Ketchikan is known as Alaska's "First City" because it's the first major community travelers come to as they journey north. Located on an island, Ketchikan began life as an Indian fishing camp. The name Ketchikan comes from a Tlingit phrase that means "eagle with spread-out wings," a reference to a waterfall near town.
In the early 1900s, when gold was Alaska's claim to fame, fishing and timber industries were established in Ketchikan. The growth of these industries helped make this Inside Passage port Alaska's fourth-largest city.
Visitors to Ketchikan will be intrigued by its rich Native heritage, which includes the world's oldest collection of totem poles at Totem Heritage Center. The Haida, Tlingit and Tsimshian are all a part of the city's colorful history. Ketchikan, with its abundance of salmon, is also a sportfishing paradise. Sightseers will be impressed with both the scenic town and its surroundings, especially Misty Fjords National Monument.
Enjoy what is truly an outdoorsman's paradise, with activities you won't find anywhere else. Go for a ride in an off-road vehicle, kayaking, hiking, nature watching, flightseeing, ziplining and more.
Set amidst the peaceful forest, the park is home to 14 totem poles, each telling their own story, and a replica of a 19th-century clan house, offering a look into the Tlingit and Haida Indian cultures.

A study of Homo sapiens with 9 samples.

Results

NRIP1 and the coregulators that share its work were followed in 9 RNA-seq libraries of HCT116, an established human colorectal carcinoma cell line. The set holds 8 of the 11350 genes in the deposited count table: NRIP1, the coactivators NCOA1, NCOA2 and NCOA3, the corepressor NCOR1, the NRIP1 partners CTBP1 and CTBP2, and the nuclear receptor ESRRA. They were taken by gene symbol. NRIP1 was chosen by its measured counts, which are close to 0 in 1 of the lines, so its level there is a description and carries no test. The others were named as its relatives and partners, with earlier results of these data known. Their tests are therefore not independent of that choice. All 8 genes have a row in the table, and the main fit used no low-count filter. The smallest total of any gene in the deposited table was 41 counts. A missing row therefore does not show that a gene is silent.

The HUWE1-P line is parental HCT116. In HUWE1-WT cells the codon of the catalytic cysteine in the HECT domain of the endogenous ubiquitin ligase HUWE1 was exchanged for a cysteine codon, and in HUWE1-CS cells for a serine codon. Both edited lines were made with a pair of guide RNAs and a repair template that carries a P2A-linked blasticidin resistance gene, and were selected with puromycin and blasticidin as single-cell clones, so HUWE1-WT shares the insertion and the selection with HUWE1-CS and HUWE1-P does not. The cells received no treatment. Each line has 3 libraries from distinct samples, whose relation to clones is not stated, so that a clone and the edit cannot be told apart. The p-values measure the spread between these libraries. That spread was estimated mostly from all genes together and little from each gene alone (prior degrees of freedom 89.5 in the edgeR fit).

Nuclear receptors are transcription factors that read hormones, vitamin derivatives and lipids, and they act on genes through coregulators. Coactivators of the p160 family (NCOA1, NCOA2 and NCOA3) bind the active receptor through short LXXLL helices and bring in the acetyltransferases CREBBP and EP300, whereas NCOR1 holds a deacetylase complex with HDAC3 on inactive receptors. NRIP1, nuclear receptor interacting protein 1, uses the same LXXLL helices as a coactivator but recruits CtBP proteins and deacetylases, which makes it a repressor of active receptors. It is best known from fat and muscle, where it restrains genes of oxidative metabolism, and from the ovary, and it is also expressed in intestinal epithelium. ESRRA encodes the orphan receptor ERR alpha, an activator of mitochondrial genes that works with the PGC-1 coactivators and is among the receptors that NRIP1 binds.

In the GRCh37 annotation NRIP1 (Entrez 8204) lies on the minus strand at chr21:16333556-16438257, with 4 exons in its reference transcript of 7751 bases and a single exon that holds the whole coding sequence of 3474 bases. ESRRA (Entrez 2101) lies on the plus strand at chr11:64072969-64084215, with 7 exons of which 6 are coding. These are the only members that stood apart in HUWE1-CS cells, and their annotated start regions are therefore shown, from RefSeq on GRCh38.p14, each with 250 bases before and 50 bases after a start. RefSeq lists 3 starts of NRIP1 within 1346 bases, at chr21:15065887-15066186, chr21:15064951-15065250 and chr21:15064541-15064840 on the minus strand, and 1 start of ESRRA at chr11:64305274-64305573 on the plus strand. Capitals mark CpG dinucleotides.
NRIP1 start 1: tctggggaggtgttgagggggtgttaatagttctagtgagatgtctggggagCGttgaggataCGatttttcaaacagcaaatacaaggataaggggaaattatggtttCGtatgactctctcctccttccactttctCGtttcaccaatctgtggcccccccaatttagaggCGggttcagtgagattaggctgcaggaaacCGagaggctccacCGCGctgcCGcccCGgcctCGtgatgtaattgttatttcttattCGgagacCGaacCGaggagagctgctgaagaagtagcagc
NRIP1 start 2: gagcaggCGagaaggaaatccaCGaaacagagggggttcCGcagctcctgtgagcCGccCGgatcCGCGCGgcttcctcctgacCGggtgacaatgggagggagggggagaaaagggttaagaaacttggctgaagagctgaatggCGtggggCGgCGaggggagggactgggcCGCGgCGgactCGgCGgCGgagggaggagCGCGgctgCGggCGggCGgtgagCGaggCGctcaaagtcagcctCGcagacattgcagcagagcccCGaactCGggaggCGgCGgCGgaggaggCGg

Experience the rich living culture of the Tlingits as they welcome you to their village. Unravel totem pole mysteries, see carvers in action, shop for fine art and enter a clan house to watch Native dancers.
This 40-acre rainforest reserve is home to bald eagles, black bear, seals and a variety of birds as well a resident reindeer herd, a live eagle display and a master Native totem pole carver at work.
Take in the dramatic beauty of a land slowly crafted by the hands of nature. It encompasses more than two million acres of sheer granite cliffs, 1,000-foot waterfalls, and crystalline lakes.
This celebration of a bygone era is a rip-roaring good time. World champion athletes compete in springboard chopping, buck sawing, axe throwing, log rolling and the thrilling 50-foot tree climb.
A former cannery bunkhouse built in the 1940s, this historic lodge was towed on a log raft over 70 miles to its current site on the shores of the spectacular George Inlet waterway 15 miles south of Ketchikan.
This historic boardwalk was a Red Light District during the Gold Rush. Now, it's a quaint place to tour Dolly's House museum, view totem poles, and shop at locally owned stores and galleries.